Privacy vital to customer acquisition

Privacy vital to customer acquisitionBrands using social media to attract new customers are barking up the wrong tree, according to a new industry study, which claims the privacy, trust and transparency offered by other channels makes them far more effective.
The DMA’s Customer Acquisition Barometer 2014 – backed by McDowall – shows that 43% of consumers prefer email as their most trusted channels for sharing information, closely followed by 42% who rated brands’ own websites as their favoured route.
Meanwhile over four in five (85%) will only share their information if it is made clear that it will be used solely by the company that collects it; 32% expect a clearly worded privacy policy before they share.
The findings seem to support Deputy Information Commissioner David Smith’s recent assertion that brands which make “a feature of [their] privacy approach” and are “getting in tune” with customers will win out.
The report also found that only just over half of consumers (52%) claim to have willingly shared their personal information with a company in the past 12 months, in spite of marketers saying more than half of their budgets (59%) are dedicated to customer acquisition activities – compared to just 20% on retention.
While email and brands’ websites dominate in the trust stakes, social is failing to win consumers’ approval – despite marketers’ commitment to it. Four out of five (77%) marketers said they use it for acquisition purposes, but only 16% rate it as effective. This is perhaps because 54% of consumers rate it as their least trusted channel for sharing their information.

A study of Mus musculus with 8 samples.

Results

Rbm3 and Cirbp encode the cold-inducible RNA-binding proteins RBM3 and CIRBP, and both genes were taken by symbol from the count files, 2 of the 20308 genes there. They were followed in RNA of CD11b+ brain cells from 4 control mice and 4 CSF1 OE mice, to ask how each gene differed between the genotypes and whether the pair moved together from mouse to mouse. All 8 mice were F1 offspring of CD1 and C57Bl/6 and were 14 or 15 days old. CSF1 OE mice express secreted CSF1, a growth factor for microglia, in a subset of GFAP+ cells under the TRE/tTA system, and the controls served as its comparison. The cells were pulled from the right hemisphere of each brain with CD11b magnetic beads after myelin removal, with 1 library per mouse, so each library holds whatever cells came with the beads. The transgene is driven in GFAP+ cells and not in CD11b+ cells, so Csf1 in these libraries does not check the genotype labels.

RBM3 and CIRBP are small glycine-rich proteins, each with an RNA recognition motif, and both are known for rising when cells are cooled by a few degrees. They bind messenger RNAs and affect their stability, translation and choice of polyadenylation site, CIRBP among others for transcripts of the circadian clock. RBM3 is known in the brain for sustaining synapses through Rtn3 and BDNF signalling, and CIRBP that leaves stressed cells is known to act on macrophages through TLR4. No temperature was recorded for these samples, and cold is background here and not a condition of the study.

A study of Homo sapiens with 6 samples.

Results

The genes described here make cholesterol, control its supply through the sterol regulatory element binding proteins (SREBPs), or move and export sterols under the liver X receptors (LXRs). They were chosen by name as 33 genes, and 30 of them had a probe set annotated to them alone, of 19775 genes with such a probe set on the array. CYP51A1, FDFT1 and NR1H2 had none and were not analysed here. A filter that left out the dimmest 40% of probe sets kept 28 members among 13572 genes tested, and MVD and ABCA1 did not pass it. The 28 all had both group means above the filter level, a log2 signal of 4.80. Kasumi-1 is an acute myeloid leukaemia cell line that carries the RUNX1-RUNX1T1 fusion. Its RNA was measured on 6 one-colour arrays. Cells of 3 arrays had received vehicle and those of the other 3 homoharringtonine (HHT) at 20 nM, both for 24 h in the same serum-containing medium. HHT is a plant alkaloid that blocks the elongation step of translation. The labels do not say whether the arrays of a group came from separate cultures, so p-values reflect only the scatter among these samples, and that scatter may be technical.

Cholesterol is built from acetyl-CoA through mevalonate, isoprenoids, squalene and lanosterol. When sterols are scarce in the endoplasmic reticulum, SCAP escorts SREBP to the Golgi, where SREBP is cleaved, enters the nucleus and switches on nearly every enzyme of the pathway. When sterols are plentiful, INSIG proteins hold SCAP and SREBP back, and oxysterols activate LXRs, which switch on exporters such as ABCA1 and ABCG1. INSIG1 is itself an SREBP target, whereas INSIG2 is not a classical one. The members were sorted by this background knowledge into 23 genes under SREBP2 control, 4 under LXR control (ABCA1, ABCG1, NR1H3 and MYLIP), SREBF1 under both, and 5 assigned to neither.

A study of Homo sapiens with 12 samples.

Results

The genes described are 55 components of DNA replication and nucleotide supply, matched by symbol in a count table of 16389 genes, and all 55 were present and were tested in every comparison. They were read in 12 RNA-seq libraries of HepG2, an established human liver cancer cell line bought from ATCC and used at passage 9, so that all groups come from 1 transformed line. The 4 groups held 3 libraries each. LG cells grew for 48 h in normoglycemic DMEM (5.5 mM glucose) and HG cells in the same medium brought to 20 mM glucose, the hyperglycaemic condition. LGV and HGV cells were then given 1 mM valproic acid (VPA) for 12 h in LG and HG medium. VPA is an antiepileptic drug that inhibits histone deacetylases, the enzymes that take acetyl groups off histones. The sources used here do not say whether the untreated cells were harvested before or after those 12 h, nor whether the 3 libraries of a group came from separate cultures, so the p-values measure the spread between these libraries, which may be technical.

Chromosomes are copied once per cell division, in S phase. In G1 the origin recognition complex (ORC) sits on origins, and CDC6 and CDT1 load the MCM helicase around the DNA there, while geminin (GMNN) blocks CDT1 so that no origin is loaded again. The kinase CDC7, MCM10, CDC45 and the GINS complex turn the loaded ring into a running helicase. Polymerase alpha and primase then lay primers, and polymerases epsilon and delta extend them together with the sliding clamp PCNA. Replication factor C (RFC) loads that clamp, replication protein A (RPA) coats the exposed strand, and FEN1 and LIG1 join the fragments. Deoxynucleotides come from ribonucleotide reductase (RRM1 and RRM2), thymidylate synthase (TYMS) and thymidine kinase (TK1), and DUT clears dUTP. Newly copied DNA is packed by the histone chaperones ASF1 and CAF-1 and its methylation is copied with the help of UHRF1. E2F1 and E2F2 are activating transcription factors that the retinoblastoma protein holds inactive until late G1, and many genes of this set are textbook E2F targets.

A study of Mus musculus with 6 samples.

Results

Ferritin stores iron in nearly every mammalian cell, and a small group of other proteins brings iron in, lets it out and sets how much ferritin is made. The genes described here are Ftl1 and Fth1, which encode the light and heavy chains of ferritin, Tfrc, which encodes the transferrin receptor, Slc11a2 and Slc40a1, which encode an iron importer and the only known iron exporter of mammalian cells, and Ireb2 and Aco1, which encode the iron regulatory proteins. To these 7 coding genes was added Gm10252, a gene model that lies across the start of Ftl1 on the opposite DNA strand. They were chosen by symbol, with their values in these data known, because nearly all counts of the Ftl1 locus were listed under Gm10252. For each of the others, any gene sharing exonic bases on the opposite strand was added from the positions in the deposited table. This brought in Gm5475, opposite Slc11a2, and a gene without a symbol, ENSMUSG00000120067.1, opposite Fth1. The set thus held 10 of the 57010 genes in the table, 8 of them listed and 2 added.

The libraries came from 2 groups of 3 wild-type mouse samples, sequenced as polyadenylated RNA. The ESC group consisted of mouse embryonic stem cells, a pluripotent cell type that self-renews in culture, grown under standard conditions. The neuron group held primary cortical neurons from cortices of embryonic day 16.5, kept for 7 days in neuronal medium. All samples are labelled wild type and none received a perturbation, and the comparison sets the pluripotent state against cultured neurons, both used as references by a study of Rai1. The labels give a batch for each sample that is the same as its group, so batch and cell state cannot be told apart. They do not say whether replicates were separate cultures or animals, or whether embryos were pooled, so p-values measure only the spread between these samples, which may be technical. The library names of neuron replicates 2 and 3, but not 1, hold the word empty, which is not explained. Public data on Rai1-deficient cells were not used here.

DMA executive director Chris Combemale said: “Effective customer acquisition relies on trust and transparency which is undermined by some companies, organisations and institutions misusing, abusing and exploiting people’s information against their expectations and wishes.
“The most successful companies are respecting their customers’ attitudes to privacy and making trust a critical brand differentiator.”
The report also reveals that marketers are anticipating a shift in focus on their performance targets. Currently, 41% report cost-per-acquisition as their primary measurement, compared to 37% on quality of leads and 21% on quantity of leads. However, over the next 12 months 35% of marketers expect quantity of leads will rise to become their number one target.
McDowall founder and chief executive Graham Bate said the Customer Acquisition Barometer 2014 highlighted for the first time the conflicting pressures facing marketers in their quest for new customers, but also revealed ways to reconcile these pressures.
“By probing both consumers and marketers about the way brands approach prospects, the Customer Acquisition Barometer is acting as a two-way mirror view on the most fundamental task marketers must execute,” Bate said.
“Consumers’ ambivalence about parting with their data, as well as the disconnect between marketer confidence in social media as a channel and consumer willingness to respond this way should sound alarm bells for marketers. The good news is that the Customer Acquisition Barometer – a qualitative as well as quantitative research exercise – provides signposts for overcoming these challenges.”
The report surveyed 1,509 UK consumers and interviewed 116 senior marketers as the first annual benchmark of current trends and critical issues brands face in acquiring new customers. It also includes insight from a focus group comprising senior marketers from brands including HP, Aviva, Avios and Wonga.